It’s hard to avoid news about the health care provider tax if you follow politics in Minnesota. Our state’s provider tax raises about $680 million each year for affordable health care and healthy communities from International Falls to Itasca to Inver Grove Heights. But policymakers must take action this session because this important revenue is slated to expire at the end of this year.
The legislative session is scheduled to end on May 20. That’s just a few short weeks away. Failure to act would have disastrous consequences for our Minnesota neighbors and communities around the state. Here’s what’s at stake:
Affordable health care for more than one million Minnesotans
Over one million Minnesotans – or, nearly 20 percent of us – have affordable health care funded in part by the provider tax. These include Minnesotans who access care through Medicaid and MinnesotaCare, and include seniors, people living with disabilities, and families earning lower wages. Kids make up 45 percent of all Medical Assistance enrollees.
Revenue from the provider tax goes into the Health Care Access Fund (HCAF). In FY 2019, the HCAF provided $439 million for Medical Assistance.
Healthy communities in every county
Minnesotans in rural communities can face more hurdles in getting affordable health care. The provider tax funds essential services to connect rural Minnesotans to health care and contributes to the health of their communities.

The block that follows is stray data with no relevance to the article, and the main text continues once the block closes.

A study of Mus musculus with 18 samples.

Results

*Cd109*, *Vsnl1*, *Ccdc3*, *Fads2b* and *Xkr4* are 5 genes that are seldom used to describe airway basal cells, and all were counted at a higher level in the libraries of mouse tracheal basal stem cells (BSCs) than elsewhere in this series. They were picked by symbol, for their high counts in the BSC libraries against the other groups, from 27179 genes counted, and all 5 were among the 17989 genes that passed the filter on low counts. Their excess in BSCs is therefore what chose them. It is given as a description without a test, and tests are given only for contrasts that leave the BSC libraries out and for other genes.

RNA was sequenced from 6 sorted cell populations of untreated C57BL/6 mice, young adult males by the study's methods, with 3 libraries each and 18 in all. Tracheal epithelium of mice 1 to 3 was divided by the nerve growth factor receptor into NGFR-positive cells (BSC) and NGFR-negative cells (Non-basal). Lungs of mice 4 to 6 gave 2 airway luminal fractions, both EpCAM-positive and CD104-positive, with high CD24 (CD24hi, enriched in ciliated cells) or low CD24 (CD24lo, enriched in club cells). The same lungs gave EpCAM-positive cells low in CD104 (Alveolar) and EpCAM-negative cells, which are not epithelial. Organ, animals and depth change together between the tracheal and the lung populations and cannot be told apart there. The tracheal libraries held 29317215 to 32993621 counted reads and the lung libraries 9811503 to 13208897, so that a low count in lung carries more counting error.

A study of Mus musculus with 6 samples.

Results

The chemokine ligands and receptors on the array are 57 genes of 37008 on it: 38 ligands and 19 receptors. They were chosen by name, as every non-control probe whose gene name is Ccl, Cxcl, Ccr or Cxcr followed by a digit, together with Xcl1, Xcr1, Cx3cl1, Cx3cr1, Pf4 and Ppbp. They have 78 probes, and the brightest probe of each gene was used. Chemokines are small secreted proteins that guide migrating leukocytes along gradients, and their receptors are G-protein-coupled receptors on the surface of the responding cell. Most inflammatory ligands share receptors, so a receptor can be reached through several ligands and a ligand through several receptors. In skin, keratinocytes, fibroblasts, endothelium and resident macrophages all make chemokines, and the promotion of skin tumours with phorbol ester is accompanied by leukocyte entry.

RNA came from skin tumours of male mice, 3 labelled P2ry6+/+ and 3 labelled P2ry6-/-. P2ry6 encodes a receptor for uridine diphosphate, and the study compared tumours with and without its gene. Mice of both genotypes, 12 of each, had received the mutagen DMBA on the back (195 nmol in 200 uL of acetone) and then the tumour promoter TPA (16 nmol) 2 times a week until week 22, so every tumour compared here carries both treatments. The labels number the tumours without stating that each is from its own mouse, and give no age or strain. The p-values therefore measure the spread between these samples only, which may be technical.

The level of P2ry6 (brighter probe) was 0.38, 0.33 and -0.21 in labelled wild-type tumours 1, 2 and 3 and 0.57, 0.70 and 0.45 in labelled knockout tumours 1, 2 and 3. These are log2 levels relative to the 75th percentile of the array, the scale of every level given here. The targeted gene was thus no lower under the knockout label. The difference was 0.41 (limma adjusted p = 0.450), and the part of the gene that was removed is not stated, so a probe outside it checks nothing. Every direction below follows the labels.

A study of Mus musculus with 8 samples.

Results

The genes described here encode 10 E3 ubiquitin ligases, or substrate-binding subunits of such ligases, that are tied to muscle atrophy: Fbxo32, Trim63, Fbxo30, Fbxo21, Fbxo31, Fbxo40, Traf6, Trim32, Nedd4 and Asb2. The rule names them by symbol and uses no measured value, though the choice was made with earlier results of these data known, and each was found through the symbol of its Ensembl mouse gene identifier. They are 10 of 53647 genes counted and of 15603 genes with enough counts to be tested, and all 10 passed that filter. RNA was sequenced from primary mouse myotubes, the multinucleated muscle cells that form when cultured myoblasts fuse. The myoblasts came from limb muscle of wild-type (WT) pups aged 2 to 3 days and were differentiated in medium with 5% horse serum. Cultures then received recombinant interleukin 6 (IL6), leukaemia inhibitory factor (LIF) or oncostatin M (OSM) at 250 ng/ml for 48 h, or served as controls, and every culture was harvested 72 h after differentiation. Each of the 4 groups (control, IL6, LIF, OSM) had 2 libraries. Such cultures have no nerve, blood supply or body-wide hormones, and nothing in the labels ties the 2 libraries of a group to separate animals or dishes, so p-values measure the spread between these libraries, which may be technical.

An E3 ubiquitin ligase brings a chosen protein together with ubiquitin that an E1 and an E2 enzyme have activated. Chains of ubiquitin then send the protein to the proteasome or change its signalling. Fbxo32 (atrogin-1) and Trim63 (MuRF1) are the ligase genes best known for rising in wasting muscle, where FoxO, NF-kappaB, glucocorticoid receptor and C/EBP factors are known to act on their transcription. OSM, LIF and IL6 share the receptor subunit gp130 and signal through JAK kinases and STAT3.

Rural Minnesota counties tend to have a greater portion of their residents who get health care through Medicaid or MinnesotaCare compared to urban areas. And, 46 percent of all Minnesotans who get their health coverage through Medicaid live in Greater Minnesota.
The importance of the provider tax to rural communities has been highlighted by the Minnesota Hospitals Association, which has stated it “supports the elimination of the sunset, given that the provider tax is a dedicated, sustainable funding source for insurance coverage for low-income, working families.” The Minnesota Hospital Association’s Vice President of Government Relations Mary Krinkie said that “over the past two decades, hospitals have come to appreciate the many good things that have been accomplished because of having the provider tax in place.”
The provider tax helps fund other efforts to address the health challenges of Greater Minnesota, whether that is the higher prevalence of child poverty or the lower ratio of primary care physicians to people. For example, the provider tax supports University of Minnesota initiatives focused on primary care, and the Statewide Health Improvement Partnership (SHIP) supports for community solutions for healthy lifestyles to reduce future health care costs.
Policymakers must act to extend the provider tax
As the end of session and the provider tax cliff loom large, policymakers must take action to extend the provider tax. The provider tax funds essential health care coverage for one in five Minnesotans and makes important investments in healthy communities across the state. Lack of reliable funding to support these activities would threaten the health of our Minnesota colleagues, neighbors, and friends.